Come Back, Dr. Barthelme



A Biography of Donald Barthelme

By Tracy Daugherty

St. Martin's. 581 pp. $35

Donald Barthelme, perhaps the most beloved of the writers who upset the apple cart of conventional fiction in the 1960s and '70s, has been treated extremely well since his death in 1989. His two major story collections and four novels are all in print, and over the last 15 years editor Kim Herzinger has rounded up his previously uncollected stories, essays and miscellaneous writings into three handsome volumes. Now comes the first biography, and not just a modest remembrance but a full-length, meticulously documented study. All dead authors should be so lucky.

Although he wrote novels and plays, Barthelme is best known for his quirky, unconventional stories. He had no interest in following the trail of the popular short story, preferring to spur that old workhorse in new directions with techniques and devices adapted from other art forms. His father was a prominent architect in Houston, and as a youth Barthelme took an interest in the modernist aesthetics of Walter Gropius, Le Corbusier, Ludwig Mies van der Rohe and Frank Lloyd Wright. His father gave him a copy of Marcel Raymond's book From Baudelaire to Surrealism, which led to a lifelong interest in avant-garde art. He learned to play drums as a teenager and developed a keen interest in bebop jazz. All of these arts were exploding with experimentation and innovation while the American short story, as Barthelme couldn't help but notice, was still stuck in the Chekhov mode of the 19th century. When he began writing fiction in the late '50s, he harnessed all of these new approaches in the arts to catch fiction up with the modernist program, and then he added his own innovations.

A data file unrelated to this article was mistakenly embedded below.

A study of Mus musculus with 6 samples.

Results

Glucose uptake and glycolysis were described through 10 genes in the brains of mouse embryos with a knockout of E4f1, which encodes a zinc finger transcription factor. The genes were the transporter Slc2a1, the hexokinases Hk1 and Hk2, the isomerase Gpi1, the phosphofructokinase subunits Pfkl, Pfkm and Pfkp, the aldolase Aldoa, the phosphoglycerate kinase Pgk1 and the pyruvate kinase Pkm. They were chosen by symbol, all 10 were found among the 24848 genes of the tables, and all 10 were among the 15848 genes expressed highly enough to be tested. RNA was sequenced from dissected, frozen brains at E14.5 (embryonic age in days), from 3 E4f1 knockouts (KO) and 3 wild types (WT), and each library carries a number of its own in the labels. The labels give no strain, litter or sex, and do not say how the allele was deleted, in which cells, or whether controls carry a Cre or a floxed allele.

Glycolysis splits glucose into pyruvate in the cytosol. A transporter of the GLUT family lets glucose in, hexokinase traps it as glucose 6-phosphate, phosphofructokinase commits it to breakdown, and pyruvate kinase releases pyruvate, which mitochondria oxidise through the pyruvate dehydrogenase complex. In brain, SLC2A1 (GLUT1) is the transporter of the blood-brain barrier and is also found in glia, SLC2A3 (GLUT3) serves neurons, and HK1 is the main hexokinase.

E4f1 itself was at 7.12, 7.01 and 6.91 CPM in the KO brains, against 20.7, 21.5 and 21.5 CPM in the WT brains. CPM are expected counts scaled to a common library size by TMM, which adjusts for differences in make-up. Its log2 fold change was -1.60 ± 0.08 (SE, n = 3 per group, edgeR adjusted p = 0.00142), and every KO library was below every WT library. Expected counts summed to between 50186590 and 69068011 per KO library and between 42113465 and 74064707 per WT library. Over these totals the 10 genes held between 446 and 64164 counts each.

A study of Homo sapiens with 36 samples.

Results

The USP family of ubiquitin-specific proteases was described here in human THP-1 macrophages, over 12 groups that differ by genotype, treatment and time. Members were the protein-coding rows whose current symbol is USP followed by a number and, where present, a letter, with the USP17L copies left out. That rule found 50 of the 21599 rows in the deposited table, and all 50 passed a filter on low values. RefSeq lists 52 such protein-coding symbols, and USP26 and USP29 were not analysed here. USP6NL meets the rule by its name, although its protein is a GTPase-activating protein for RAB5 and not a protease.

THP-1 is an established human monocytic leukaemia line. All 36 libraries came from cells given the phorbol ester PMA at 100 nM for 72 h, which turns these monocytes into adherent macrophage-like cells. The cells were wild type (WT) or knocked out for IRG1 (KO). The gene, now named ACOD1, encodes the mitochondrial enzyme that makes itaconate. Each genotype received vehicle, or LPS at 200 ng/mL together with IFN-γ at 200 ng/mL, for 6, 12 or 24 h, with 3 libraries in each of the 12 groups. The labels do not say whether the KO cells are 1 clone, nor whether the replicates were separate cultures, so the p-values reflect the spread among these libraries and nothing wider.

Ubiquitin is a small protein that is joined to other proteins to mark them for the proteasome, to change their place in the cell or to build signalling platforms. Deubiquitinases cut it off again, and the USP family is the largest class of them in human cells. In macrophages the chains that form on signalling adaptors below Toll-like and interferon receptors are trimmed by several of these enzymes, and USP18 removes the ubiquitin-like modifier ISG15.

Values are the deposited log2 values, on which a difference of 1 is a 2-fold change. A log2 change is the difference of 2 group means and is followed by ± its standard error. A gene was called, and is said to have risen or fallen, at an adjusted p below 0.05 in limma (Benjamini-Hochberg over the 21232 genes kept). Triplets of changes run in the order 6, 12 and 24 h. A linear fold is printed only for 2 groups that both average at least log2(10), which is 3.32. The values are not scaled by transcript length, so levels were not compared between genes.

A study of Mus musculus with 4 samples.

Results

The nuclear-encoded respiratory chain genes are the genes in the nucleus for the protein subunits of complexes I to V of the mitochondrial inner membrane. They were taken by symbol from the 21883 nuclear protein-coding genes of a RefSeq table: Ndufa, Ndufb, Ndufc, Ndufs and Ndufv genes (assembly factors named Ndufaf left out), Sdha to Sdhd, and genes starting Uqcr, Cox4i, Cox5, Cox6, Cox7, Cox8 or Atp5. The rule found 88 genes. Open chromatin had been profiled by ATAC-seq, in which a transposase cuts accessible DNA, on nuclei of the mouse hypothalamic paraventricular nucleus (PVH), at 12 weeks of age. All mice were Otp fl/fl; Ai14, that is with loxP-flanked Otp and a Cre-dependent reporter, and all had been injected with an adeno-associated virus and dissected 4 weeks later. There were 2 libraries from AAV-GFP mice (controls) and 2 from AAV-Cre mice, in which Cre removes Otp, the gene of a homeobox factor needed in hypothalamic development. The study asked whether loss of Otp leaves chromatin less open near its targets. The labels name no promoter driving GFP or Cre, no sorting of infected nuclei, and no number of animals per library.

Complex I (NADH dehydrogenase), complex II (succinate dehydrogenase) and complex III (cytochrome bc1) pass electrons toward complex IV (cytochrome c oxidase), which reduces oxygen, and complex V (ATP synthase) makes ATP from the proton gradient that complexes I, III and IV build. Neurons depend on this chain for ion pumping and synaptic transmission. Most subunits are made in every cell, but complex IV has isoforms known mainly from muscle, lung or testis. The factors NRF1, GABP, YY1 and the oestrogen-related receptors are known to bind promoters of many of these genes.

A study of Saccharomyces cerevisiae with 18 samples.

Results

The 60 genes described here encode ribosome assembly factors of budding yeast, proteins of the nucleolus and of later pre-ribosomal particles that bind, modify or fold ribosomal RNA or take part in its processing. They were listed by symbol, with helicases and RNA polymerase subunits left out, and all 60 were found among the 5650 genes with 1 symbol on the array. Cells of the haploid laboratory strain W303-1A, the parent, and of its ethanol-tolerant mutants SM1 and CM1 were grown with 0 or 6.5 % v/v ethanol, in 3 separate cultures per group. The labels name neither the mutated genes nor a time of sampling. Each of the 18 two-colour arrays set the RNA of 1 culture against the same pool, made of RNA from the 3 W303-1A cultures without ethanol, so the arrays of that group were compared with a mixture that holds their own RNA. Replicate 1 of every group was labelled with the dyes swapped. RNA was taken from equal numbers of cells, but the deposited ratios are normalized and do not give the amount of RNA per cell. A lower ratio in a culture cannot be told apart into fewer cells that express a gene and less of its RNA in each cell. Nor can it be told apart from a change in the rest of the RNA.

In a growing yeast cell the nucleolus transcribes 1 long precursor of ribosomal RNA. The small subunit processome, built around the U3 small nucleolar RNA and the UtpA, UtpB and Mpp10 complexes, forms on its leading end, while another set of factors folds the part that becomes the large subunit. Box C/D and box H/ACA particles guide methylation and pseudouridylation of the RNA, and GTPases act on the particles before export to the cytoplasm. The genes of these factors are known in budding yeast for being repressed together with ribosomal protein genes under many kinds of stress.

Daugherty does a fine job explicating all this in the first third of his biography, spending as much time on these formative influences as on Barthelme's family life and teenage experiences. He doesn't neglect Barthelme's profound interest in philosophy nor the mulligan stew of early literary influences -- Kafka, Hemingway, Perelman, Beckett, Sartre -- nor the sickening diet of B-movies the writer ingested in his 20s, when he was a newspaper reporter. With all this under the reader's wings, it is easier to appreciate the absurdist, sometimes baffling stories that first brought Barthelme fame in the 1960s. In "The Indian Uprising," for example, he blended 19th-century French history with conflicts between the U.S. cavalry and Native Americans and America's involvement in Vietnam, among other things.

He was fortunate enough to be adopted by the New Yorker, which published him from 1963 onward, and by a few book publishers. (For all their critical acclaim, his books never made much money; his royalties amounted to less than $1,000 a year.)

Like a knowledgeable curator, Daugherty walks us through Barthelme's publications book by book, pausing for brilliant explications of the more challenging stories, such as "Robert Kennedy Saved from Drowning," which comes into sharper focus after Doughtery explains its relationship to a 1931 Jean Renoir film with a similar title. He interleaves this analysis with accounts of the writer's four marriages, affairs, teaching stints and other extracurricular activities in a respectful but not hagiographic manner. (He reveals, for instance, that Barthelme had drinking problems starting at 16, was fiscally irresponsible and smoked so much he died of cancer at 58.)

I especially enjoyed Daugherty's fierce defense of Barthelme's works as socially responsible art, not as the aesthetic playthings that some critics accuse them of being. As life became more complicated in the 20th century, and as the media and corporations tried to define reality for consumers, Barthelme felt new tactics were necessary to render and to criticize this future-shocked world. Daugherty quotes from Barthelme's essay "Not-Knowing" on the writer's "need to refresh language continually, to keep it free of 'political and social contamination,' safe from co-optation by commercial interests." While the traditional short story kept its blinkered head down, Barthelme's alert fiction grappled with the upheavals of his time, functioning as verbal guerrilla attacks against the rebarbative propaganda spouted by Madison Avenue and the White House. "The disorientation in my stories is not mine," Barthelme once said. "It is what is to be perceived around us." In this sense, his mind-bending stories are often more realistic than those of his mainstream contemporaries and still feel fresh and relevant, while theirs can sound quaint.

Daugherty was Barthelme's student in the '80s. The last time Daugherty saw him, six months before he died, his former teacher gave him a new assignment: "Write a story about a genius." He did, and I'd give it an A.

-- Steven Moore is the author of books and essays on modern literature.